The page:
ClearScholar Inc., an education-tech startup and High Alpha Studio portfolio company, announced Thursday that it raised $1.25 million from investors, including members of the Simon family.
The capital raise is the second for ClearScholar, which launched in June 2016 with $500,000 from High Alpha Capital and Butler University. The latest fundraising round includes those two entities, as well as Indianapolis-based Elevate Ventures, Stephen Simon, Cindy Simon Skjodt and her husband, Paul Skjodt.
Stephen Simon is co-founder of San Francisco-based Simon Equity Partners and the son of Indiana Pacers owner Herb Simon. Herb Simon and his brother Mel Simon co-founded mall giant Simon Property Group. Cindy Simon Skjodt is Mel Simon's daughter.
"We've been telling the story to a variety of folks, investors and obviously potential customers," said ClearScholar CEO Jason Konesco, a former CEO of Harrison College. "We're quite pleased with the local relationships."
ClearScholar runs an app for college students that aims to be a primary digital destination for school information. Among other features, it offers personalized news and information, school-based calendaring, emergency alerts, and a digital student ID card.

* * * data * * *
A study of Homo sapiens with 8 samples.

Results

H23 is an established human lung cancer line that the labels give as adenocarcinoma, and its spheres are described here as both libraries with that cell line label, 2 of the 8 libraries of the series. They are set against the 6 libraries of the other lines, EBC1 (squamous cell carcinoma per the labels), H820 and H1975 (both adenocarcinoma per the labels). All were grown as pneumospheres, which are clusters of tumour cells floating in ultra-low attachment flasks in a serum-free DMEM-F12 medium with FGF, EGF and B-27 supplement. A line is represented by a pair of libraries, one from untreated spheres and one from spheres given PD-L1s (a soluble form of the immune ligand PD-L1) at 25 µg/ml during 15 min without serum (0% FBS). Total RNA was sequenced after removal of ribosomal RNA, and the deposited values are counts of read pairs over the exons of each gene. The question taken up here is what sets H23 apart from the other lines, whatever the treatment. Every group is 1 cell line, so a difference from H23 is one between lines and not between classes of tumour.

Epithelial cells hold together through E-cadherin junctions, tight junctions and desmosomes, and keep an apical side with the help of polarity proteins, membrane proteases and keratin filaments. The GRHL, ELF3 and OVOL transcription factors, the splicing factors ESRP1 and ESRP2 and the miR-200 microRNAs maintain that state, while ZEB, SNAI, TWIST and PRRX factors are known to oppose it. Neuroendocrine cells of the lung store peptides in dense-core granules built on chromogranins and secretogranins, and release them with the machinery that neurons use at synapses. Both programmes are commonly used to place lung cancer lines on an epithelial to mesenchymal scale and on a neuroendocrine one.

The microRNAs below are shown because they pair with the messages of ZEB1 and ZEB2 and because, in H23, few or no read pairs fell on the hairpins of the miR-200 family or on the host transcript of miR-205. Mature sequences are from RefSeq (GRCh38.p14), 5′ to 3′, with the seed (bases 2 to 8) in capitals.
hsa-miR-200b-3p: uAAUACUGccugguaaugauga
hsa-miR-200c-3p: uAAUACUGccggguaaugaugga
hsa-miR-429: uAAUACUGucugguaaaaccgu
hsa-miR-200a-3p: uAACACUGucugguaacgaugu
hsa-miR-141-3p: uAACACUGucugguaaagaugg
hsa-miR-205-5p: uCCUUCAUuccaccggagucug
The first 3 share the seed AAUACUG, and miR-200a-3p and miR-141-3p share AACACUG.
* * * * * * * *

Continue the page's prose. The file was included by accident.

"We believe that post-secondary education is a critical stage that will impact the lives of many of our future young leaders," the Skjodts said in an emailed statement about their investment, which came through Carmel-based private equity firm Bulle Investments.
"The ClearScholar platform can enhance the college experience and push students to graduate. In addition, the platform helps to build lifelong relationships between students and the university."
The company believes its product will increase student engagement and academic outcomes in a country where only 59 percent of first-time students graduate in six years. Butler University was the first school to buy into its vision, launching the app on campus this August.
Konesco said the company is closing in on deals with other post-secondary institutions, including community colleges, for-profit schools and large public universities.
He also said the 10-person company plans to move out of its High Alpha nest in Circle Tower to digs elsewhere downtown.
The investment from the Skjodts and Stephen Simon came about partly from existing relationships, Konesco said. Erik Skjodt, the Skjodts' son, was involved in helping come up with the concept for Clear Scholar (he is not an employee, however), and High Alpha Managing Partner Scott Dorsey sits on the Indiana Sport Corp. board with Cindy Simon Skjodt.
Konesco said the company plans to use the cash on engineering, marketing and sales hires.